8A: Condors vs Flies


Iron Condor vs Butterfly

Both the Iron Condor and the Iron Butterfly are income generating strategies that profit if a stock trades within a range. Used by investors with a generally neutral view or a belief that there will be a decline in volatility.

Both are also four-leg strategies that may be seen as combining a Credit Call Spread and a Credit Put Spread. The key difference being that with an Iron Condor we set our short (Call and Put) strikes apart and with an Iron Butterfly we sell a same strike Call and Put.

However, there are other key differences which have important implications for when and how each strategy might be used.

To explore these differences in more detail, let’s compare two hypothetical strategy setups, using SPY as the underlying stock/ETF.

Comparison Setup

For this example, we make the following assumptions:

  • The SPY ETF is currently trading around $383
  • The Expected Move for our expiration date is approximately 3.5%, implying a move to around $ $396 to the upside and $370 to the downside.

We use these expected move levels to guide selection in the following ways:

Iron Condor 369/370/396/397

  • Short Call and short Put are set at the expected move level (396 and 370 respectively) and each spread set with one strike width.

Iron Butterfly 370/383/383/396

  • Short Call and Short Put are set at-the-money (383) with each ‘wing’ (long Call and long Put) set at the expected move level (396 and 370 respectively).

As a result we have two broadly comparable strategies, each generating income for the investor if the underlying stock stays within the expected move (i.e. profiting if SPY moves less than the market expects) and each with defined risk.

Visual Comparison

This visual comparison using the Options AI platform helps highlight the key differences between the two strategies.

Firstly, with the Iron Condor we see a Max Gain zone (light green) ranging from our short Call and short Put strike levels. If the stock trades within this zone at expiration, we have the opportunity to keep all of the premium we collected. By contrast, the Iron Butterfly has only a single point of Max Gain (since we set both our short Call and short Put at the same strike). Instead, we have a zone of diminishing profit (dark green) ranging from our short strike level, out to our upper and lower breakeven levels.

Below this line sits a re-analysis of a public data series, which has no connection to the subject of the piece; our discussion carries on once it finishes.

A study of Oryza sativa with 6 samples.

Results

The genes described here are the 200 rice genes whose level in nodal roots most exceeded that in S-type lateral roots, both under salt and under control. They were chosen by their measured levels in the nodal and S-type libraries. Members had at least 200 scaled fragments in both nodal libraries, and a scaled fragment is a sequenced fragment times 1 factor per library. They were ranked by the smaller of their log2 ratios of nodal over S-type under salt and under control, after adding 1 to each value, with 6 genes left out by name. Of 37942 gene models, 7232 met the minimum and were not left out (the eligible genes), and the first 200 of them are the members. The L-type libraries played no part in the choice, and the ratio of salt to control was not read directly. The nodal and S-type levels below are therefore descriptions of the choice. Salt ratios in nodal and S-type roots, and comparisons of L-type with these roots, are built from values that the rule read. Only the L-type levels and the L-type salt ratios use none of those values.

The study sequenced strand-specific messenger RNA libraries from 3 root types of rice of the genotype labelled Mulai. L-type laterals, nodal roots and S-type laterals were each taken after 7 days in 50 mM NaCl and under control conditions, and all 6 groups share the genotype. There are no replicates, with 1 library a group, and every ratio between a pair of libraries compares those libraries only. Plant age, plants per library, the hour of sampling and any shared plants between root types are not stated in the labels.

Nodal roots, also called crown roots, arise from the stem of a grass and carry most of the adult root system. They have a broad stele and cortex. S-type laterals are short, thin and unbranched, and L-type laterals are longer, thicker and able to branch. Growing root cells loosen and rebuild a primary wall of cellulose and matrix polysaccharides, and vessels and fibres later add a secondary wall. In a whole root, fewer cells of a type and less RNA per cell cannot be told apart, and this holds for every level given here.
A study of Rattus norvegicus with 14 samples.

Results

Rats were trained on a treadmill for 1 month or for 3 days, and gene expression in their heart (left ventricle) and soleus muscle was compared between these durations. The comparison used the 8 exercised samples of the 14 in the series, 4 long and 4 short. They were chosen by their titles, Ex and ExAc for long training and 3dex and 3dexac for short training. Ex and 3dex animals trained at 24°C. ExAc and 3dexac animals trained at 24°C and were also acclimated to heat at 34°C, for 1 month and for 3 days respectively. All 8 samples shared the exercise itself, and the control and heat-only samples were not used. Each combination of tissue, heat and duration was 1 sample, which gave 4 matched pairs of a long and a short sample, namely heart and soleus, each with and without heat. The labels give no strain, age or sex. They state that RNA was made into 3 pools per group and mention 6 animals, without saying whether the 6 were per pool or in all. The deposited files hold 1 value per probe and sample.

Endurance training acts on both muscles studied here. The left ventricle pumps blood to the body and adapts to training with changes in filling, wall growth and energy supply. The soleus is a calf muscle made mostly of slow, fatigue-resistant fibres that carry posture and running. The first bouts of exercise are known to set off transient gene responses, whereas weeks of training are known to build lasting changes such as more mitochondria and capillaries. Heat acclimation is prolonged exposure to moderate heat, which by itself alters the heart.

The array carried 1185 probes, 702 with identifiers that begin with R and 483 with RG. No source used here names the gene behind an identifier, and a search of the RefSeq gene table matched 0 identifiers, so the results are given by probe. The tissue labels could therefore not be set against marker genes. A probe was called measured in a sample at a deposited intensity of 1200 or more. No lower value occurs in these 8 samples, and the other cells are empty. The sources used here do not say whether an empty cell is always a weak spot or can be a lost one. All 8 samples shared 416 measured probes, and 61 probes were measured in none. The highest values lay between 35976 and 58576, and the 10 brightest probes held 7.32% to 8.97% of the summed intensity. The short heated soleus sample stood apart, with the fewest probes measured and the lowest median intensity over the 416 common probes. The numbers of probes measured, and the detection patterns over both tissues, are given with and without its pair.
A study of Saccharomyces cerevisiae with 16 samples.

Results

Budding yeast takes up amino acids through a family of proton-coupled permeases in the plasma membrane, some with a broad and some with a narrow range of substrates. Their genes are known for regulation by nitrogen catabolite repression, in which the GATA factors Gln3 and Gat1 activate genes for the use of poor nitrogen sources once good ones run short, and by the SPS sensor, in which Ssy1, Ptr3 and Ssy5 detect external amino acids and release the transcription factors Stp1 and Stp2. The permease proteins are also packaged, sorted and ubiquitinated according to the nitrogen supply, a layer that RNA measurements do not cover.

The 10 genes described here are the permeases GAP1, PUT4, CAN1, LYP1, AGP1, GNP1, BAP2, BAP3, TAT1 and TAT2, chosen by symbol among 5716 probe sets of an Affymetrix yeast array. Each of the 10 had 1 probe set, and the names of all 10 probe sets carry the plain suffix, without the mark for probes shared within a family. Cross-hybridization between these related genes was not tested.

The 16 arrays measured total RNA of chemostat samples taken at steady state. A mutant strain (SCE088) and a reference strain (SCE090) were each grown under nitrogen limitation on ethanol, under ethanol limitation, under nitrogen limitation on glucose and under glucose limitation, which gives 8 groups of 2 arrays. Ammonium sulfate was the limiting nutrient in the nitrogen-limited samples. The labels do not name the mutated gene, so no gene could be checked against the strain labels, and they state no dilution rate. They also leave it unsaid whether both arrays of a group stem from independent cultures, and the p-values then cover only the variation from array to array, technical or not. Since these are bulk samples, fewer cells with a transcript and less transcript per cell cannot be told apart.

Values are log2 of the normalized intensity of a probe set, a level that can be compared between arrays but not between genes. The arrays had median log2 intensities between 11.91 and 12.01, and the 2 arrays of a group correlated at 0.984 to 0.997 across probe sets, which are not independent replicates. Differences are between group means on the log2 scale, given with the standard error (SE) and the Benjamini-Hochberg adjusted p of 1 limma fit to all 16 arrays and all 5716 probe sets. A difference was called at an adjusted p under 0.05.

Since the Iron Butterfly has a precise point of hypothetical maximum gain (the short Call & Put strike), keeping our entire premium collected and maximizing profit is an unlikely outcome when using this strategy. For this to occur, it would mean the underlying stock closing precisely at the short strike price at expiration and for neither short option contract to be assigned. It follows therefore, that when using an Iron Butterfly we are typically hoping for a degree of profitability, while with an Iron Condor we are positioning for a more binary outcome (maximum gain or maximum loss).

Knowing the differing types of profit zone for each strategy, let’s now look at their respective risk to reward metrics.

With an Iron Condor, we are both selling and buying lower-cost, out-the-money options. With an Iron Butterfly we are typically selling higher-value at-the-money (or close to it) options and buying lower-cost, out-the-money options. It follows therefore, that we typically collect less net premium when opening an Iron Condor than when opening a comparable Iron Butterfly. In the example above, we collect $50 in income for opening 1 Iron Condor compared to $985 for opening 1 Iron Butterfly. This also being our maximum potential profit.

However, since the width of the Credit Call and Credit Put Spread that comprise our Iron Condor is narrower than those that comprise our Iron Butterfly, our maximum risk is also typically lower with an Iron Condor. In the example above, we risk $50 with 1 Iron Condor compared to $315 with 1 Iron Butterfly.

Putting maximum profit and loss together, we therefore see that an Iron Butterfly typically has a lower risk to reward ratio than a comparable Iron Condor, as well as both a higher maximum profit and maximum loss potential in dollar terms.

While the Credit Call Spread and Credit Put Spread that comprise both an Iron Condor and an Iron Butterfly are typically set at constant widths, it is worth noting that this does not have to be the case. If each of the two spreads are different widths, the maximum risk of the trade is calculated by taking the wider of the two spreads and subtracting the net premium received.

Also worth noting is that while the short strikes of an Iron Butterfly are typically set at-the-money or close to it, they may also be set with a directional skew. For example, with a view that a stock may move to an upside price target and then range trade around that level, an investor may use an Iron Condor to target that price by setting the short strikes at that level.

Finally, we know that both an Iron Condor and an Iron Butterfly typically see a probability of profit in excess of 50%. However, we have also seen the key difference between the two strategies in terms of likelihood of realizing maximum gain. So, it is particularly important to be mindful of this difference and that we are assessing the probability of any profit when choosing between an Iron Condor and Iron Butterfly.